March 15, 2007 / 1:37 PM / 12 years ago

UPDATE 1-CEBIT-EU sees no need for radio chip regulation now

(Adds U.S., industry comment)

By Sabina Zawadzki

HANNOVER, Germany, March 15 (Reuters) - The European Commission will minimise any regulation of a chip technology widely used by supermarkets to track their products and by subway commuters, the EU’s telecoms chief said on Thursday.

Businesses say radio frequency identification (RFiD) helps them cut costs by simplifying their operations, but its capability to track products and people has raised data protection concerns among consumer groups.

After a year of looking into the industry, Information Society Commissioner Viviane Reding acknowledged data security is an issue but said current EU rules could be adapted to offer protection while the industry regulates itself. “I don’t want to regulate,” Reding told reporters before attending the world’s largest technology fair, CeBIT.

“I believe that the problems here can be solved really if the industry goes for it by self-regulation and by looking at what we got already (in terms of legislation),” she said.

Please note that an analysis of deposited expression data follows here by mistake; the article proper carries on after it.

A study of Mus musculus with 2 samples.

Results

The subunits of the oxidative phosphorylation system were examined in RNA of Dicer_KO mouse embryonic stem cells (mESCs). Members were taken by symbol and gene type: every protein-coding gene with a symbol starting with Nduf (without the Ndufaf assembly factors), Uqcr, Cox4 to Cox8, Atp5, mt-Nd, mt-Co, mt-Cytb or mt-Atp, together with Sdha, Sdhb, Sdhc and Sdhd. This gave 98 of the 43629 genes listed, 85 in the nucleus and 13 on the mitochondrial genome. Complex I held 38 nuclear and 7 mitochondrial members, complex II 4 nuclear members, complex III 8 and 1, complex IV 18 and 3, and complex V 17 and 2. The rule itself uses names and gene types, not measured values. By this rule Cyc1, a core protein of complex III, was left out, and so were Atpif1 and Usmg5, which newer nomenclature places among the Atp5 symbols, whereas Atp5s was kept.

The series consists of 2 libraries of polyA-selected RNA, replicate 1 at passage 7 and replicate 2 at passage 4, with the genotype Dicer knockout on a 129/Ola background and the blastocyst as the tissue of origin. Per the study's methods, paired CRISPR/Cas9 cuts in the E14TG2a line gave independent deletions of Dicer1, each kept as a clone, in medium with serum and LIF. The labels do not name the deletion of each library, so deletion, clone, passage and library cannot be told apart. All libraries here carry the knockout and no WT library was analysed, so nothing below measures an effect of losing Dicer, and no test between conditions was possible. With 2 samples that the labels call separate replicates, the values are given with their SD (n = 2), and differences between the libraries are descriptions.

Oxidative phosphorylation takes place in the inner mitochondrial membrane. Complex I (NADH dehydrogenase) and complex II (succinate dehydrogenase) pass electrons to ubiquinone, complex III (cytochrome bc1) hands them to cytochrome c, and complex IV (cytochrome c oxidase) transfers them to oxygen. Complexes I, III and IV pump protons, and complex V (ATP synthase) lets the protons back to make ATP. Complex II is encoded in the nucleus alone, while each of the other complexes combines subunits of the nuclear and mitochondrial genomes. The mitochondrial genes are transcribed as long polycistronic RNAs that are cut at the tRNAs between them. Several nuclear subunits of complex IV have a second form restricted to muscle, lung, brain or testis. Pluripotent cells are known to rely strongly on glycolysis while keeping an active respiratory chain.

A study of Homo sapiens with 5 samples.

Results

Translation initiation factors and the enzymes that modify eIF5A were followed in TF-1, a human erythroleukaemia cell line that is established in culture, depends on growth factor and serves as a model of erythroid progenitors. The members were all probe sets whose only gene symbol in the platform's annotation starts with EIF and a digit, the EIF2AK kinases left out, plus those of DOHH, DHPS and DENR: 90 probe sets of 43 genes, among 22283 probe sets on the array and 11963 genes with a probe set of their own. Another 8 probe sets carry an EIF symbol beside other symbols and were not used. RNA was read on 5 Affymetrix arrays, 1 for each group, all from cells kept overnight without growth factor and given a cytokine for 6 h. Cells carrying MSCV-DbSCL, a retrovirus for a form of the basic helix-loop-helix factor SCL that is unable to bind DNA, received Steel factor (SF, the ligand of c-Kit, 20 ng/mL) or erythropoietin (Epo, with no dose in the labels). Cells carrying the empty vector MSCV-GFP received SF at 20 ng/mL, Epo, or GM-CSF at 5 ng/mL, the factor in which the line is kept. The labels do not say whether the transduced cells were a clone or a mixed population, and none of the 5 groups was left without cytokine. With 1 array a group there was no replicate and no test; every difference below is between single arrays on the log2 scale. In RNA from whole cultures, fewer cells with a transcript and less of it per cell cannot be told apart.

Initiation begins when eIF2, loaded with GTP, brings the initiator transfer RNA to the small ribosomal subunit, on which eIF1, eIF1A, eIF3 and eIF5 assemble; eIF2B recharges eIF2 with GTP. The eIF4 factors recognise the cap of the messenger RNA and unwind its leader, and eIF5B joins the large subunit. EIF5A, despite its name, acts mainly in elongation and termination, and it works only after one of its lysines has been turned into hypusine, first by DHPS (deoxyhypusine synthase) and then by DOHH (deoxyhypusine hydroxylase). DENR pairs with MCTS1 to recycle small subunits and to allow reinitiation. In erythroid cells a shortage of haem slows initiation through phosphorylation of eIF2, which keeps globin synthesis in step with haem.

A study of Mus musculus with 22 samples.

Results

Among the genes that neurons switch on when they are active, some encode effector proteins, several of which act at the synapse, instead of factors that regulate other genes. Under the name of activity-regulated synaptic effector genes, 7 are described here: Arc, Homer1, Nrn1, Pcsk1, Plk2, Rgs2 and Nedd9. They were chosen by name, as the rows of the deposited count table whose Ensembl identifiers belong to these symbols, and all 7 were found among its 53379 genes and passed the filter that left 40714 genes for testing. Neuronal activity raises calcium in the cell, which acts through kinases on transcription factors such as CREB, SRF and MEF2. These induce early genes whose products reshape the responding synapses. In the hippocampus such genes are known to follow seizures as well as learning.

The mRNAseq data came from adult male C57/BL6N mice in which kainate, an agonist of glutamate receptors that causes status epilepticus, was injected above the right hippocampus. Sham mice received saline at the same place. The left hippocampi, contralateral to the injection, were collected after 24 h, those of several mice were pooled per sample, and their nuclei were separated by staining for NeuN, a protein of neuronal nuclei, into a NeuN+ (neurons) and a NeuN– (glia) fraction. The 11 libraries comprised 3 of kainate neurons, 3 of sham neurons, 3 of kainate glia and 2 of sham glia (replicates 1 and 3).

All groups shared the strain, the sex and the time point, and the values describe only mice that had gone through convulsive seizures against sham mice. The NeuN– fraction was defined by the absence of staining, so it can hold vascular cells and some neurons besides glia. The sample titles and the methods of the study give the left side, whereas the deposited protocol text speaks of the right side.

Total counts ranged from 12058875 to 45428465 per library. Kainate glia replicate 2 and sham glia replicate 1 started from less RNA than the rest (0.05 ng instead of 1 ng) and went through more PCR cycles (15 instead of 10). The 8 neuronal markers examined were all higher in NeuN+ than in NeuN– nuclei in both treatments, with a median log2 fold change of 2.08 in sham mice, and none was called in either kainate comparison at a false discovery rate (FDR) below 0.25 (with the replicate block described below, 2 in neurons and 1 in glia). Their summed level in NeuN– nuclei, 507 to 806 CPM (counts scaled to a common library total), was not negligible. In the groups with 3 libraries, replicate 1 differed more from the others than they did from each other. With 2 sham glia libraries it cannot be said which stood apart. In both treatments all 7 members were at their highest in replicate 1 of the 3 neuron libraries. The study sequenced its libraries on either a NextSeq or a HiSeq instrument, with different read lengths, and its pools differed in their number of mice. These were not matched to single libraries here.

The EU has rules that govern people’s data privacy when using mobile phones or the Internet. The rules will be reviewed later this year and the Commission could suggest amendments to make sure they also apply to RFiD use.

The move was met with relief from the United States, which wants to work with the EU on standardising the technology and had feared “future growth of the industry would be dictated by politicians”, if the Commission advocated strong legislation.

“Overall, it’s a very good announcement. It is in line with what we hoped for,” Under Secretary of Commerce for Technology Robert Cresanti told reporters.

Both Reding and Cresanti will go to Asia in the coming weeks to talk about the possibility of a global agreement on standardising the chip technology and the radio frequencies it uses.

The RFiD market was worth half a billion euros ($660 million) last year, and the Commission expects it to grow to billions in the next ten years. The figure does not include the millions companies can save on cutting costs.

German retailer Metro MEOG.DE began rolling out the technology in 2005 to help monitor its supply chain of the products it gets from some 40,000 suppliers and sells in 30 countries.

“This is really a change. It is a turnaround for the supply chain,” Metro Corporate Communications Officer Antonia Voerste said.